There is a rumour that Apple (NASDAQ:AAPL) is in the market, hunting for potential suppliers for its dream project, the Apple Car. This reminds me of 2005-2007, when the tech company forayed into the smartphone market and changed the future. Warren Buffett also admitted to the iPhone’s success, and today Apple is his most profitable investment. What if the Apple Car turns out to be a game changer in the electric vehicle (EV) space? It is too early to say. But by the time the project success is visible, it would be too late to be the early investor. So, what should you do?
All billionaires, from Elon Musk to Jeff Bezos to Steve Jobs, put their faith in their products and chalked out infinite possibilities of what if? If you are an Avengers fan, you will understand how one decision can change the future. I cannot say whether Apple’s car will lead the company to the next trillion-dollar valuation. But if it does, you should be there to reap the rewards of Apple Car success.
To get full exposure to Apple products, you can invest in Apple but also its suppliers. That multiplies your rewards. To benefit from the success of iPhones, many investors own the stocks of Apple, Taiwan Semiconductor Manufacturing Company (TSMC), and Broadcom (Apple’s largest chip supplier).
So, who could be the TSMC and Broadcom of the Apple Car?
Could Magna be the TSMC of the Apple Car?
Apple only selects the best of the suppliers and is known for being a strong negotiator. But suppliers agree to its terms, because of the benefits the world’s most valued brand brings with it.
Magna International (TSX:MG)(NYSE:MGA) is the third-largest automotive component supplier. It offers body exteriors, power and vision solutions, and seating systems. It has also ventured into making automotive for tech and auto companies. Some of its clients include Fisker, BMW, Volkswagen, and Toyota. Magna has partnered with several tech and auto suppliers to stay ahead in the race of EVs and autonomous vehicles (AVs).
Apple focuses on designs and intellectual property and outsources manufacturing and assembly to third parties. This is an efficient model, as manufacturing plants come at a cost. They are only profitable if run at optimum capacity. Magna is specializing in manufacturing technology to make it optimal and capable of producing future vehicles. This makes Magna a strong contender in the race of becoming the TSMC and Foxconn of the Apple Car.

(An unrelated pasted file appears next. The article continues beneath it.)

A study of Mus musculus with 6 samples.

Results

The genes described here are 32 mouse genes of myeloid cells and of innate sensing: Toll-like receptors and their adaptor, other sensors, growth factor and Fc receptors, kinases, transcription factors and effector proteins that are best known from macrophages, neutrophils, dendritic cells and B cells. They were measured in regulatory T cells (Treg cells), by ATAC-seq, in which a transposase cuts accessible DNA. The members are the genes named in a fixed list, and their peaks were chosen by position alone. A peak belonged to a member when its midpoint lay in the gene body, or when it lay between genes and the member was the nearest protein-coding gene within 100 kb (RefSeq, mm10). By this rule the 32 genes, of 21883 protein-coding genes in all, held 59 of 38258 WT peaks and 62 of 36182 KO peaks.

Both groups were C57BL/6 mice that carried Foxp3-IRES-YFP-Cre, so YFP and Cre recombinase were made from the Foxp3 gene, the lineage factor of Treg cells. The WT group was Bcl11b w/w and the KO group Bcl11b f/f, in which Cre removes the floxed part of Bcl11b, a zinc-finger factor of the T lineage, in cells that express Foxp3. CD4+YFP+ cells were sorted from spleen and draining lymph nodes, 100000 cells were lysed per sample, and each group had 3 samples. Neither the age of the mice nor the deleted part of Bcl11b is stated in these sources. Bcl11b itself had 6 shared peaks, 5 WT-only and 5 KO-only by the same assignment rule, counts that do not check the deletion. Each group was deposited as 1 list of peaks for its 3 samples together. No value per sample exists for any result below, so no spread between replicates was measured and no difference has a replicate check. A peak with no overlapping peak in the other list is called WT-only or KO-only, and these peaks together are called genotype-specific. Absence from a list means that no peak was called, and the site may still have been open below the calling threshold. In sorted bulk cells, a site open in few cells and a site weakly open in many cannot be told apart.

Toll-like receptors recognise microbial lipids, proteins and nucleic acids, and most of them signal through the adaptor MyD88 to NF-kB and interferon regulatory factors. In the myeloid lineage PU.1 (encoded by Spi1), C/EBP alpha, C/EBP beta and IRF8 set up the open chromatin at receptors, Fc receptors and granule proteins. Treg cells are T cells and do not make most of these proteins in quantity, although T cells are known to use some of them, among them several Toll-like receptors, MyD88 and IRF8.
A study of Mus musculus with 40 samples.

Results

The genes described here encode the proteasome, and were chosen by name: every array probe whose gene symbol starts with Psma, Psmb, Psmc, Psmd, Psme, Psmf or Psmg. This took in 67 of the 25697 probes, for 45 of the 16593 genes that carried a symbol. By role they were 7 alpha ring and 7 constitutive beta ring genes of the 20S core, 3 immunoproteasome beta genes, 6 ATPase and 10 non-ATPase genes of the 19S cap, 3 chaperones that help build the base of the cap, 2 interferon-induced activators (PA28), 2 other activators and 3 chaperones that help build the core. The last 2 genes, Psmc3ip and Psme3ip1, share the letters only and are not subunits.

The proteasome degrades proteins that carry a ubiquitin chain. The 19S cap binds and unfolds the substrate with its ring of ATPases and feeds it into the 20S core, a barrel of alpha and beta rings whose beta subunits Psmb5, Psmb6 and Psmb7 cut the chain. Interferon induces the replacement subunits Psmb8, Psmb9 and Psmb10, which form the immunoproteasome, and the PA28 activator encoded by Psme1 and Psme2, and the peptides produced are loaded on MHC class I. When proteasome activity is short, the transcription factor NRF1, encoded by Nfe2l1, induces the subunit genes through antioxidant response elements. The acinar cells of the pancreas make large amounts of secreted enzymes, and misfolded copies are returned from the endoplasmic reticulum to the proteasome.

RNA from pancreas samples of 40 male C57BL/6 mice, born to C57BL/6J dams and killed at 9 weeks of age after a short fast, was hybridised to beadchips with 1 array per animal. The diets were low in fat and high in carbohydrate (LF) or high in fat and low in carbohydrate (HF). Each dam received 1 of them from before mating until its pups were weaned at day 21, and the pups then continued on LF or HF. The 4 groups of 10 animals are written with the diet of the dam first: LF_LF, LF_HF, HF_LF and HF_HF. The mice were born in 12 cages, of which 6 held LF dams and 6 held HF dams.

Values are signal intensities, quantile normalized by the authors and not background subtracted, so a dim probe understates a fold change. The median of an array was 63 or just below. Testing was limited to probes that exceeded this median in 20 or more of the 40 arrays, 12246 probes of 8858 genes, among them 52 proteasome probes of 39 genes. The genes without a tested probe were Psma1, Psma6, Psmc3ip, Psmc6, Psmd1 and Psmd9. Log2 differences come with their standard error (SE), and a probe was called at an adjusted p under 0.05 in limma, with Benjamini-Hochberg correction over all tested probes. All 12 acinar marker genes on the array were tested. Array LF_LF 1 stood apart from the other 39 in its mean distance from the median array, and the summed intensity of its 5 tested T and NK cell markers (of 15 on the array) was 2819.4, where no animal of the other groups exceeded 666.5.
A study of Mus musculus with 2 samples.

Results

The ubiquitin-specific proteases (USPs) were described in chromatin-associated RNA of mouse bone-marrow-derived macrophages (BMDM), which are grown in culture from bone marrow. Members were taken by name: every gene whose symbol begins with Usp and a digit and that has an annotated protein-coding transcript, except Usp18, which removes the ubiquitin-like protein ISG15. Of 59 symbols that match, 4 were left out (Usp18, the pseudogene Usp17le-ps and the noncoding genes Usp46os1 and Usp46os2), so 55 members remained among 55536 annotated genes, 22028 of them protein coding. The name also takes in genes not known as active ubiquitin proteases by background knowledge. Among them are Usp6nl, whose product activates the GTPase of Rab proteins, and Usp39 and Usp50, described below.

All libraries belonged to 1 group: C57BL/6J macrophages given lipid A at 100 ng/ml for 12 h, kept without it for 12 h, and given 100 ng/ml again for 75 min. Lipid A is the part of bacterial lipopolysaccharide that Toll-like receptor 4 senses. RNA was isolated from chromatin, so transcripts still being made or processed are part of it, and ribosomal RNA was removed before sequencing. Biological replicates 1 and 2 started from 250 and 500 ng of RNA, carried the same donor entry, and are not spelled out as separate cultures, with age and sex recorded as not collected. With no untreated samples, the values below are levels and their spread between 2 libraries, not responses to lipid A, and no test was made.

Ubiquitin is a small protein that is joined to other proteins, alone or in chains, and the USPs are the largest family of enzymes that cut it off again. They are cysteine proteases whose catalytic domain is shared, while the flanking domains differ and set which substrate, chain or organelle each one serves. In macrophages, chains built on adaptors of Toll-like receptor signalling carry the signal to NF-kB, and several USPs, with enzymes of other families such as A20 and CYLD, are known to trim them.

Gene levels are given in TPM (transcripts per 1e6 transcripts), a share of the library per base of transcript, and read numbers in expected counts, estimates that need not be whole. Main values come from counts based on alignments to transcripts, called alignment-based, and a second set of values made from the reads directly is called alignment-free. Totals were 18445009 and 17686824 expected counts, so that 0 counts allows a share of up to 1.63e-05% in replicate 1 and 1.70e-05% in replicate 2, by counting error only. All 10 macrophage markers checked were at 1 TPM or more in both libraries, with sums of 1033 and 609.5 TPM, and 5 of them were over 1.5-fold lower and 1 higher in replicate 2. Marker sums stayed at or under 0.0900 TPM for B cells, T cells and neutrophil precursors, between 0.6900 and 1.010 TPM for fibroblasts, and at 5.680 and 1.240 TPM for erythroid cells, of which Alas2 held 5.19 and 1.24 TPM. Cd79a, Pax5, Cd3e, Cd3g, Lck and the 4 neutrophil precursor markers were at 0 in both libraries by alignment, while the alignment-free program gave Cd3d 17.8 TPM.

What would the Apple Car mean to Magna shareholders?
I know it is a long way off. Apple is just building its supplier base, and, as rumours say, it is looking to start mass production by 2024, which is three years from now. But if you understand the automotive business, the supplier contracts are long term, and the design win process is also lengthy. If Magna secures Apple Car orders, it will bring a short-term boost in Magna stocks.
The real test will be the performance of Apple in the car industry. If you think of electronics, Apple is a leader. But it may not necessarily lead in the automotive space as well. This is a new industry for Apple too, and no one can tell whether it will repeat its smartphone success here.
If the product fails, Apple would bear the risk. Magna will get paid for the cars produced. But if the Apple Car succeeds, Magna will benefit from more orders from Apple and other automotive companies. Look at TSMC. Since it became the sole supplier of Apple’s A-series chips, all high-performance chip makers, like AMD and Nvidia, have used TSMC fabs to make their chips.
Magna doesn’t have much to lose if the Apple Car fails to grab customers, but it has a lot to gain if the car is a success. Moreover, Apple is just one of the clients. Magna is riding the EV wave.
Why am I bullish on Magna?
Magna stock has dipped almost 20% from its June high, because of a temporary chip supply shortage. But its long-term growth potential makes me bullish on the stock.
This article represents the opinion of the writer, who may disagree with the “official” recommendation position of a Motley Fool premium service or advisor. We’re Motley! Questioning an investing thesis — even one of our own — helps us all think critically about investing and make decisions that help us become smarter, happier, and richer, so we sometimes publish articles that may not be in line with recommendations, rankings or other content.
The Motley Fool owns shares of and recommends Advanced Micro Devices, Apple, Nvidia, and Taiwan Semiconductor Manufacturing. Fool contributor Puja Tayal has no position in any of the stocks mentioned. The Motley Fool recommends Broadcom Ltd and Magna Int’l and recommends the following options: long March 2023 $120 calls on Apple and short March 2023 $130 calls on Apple.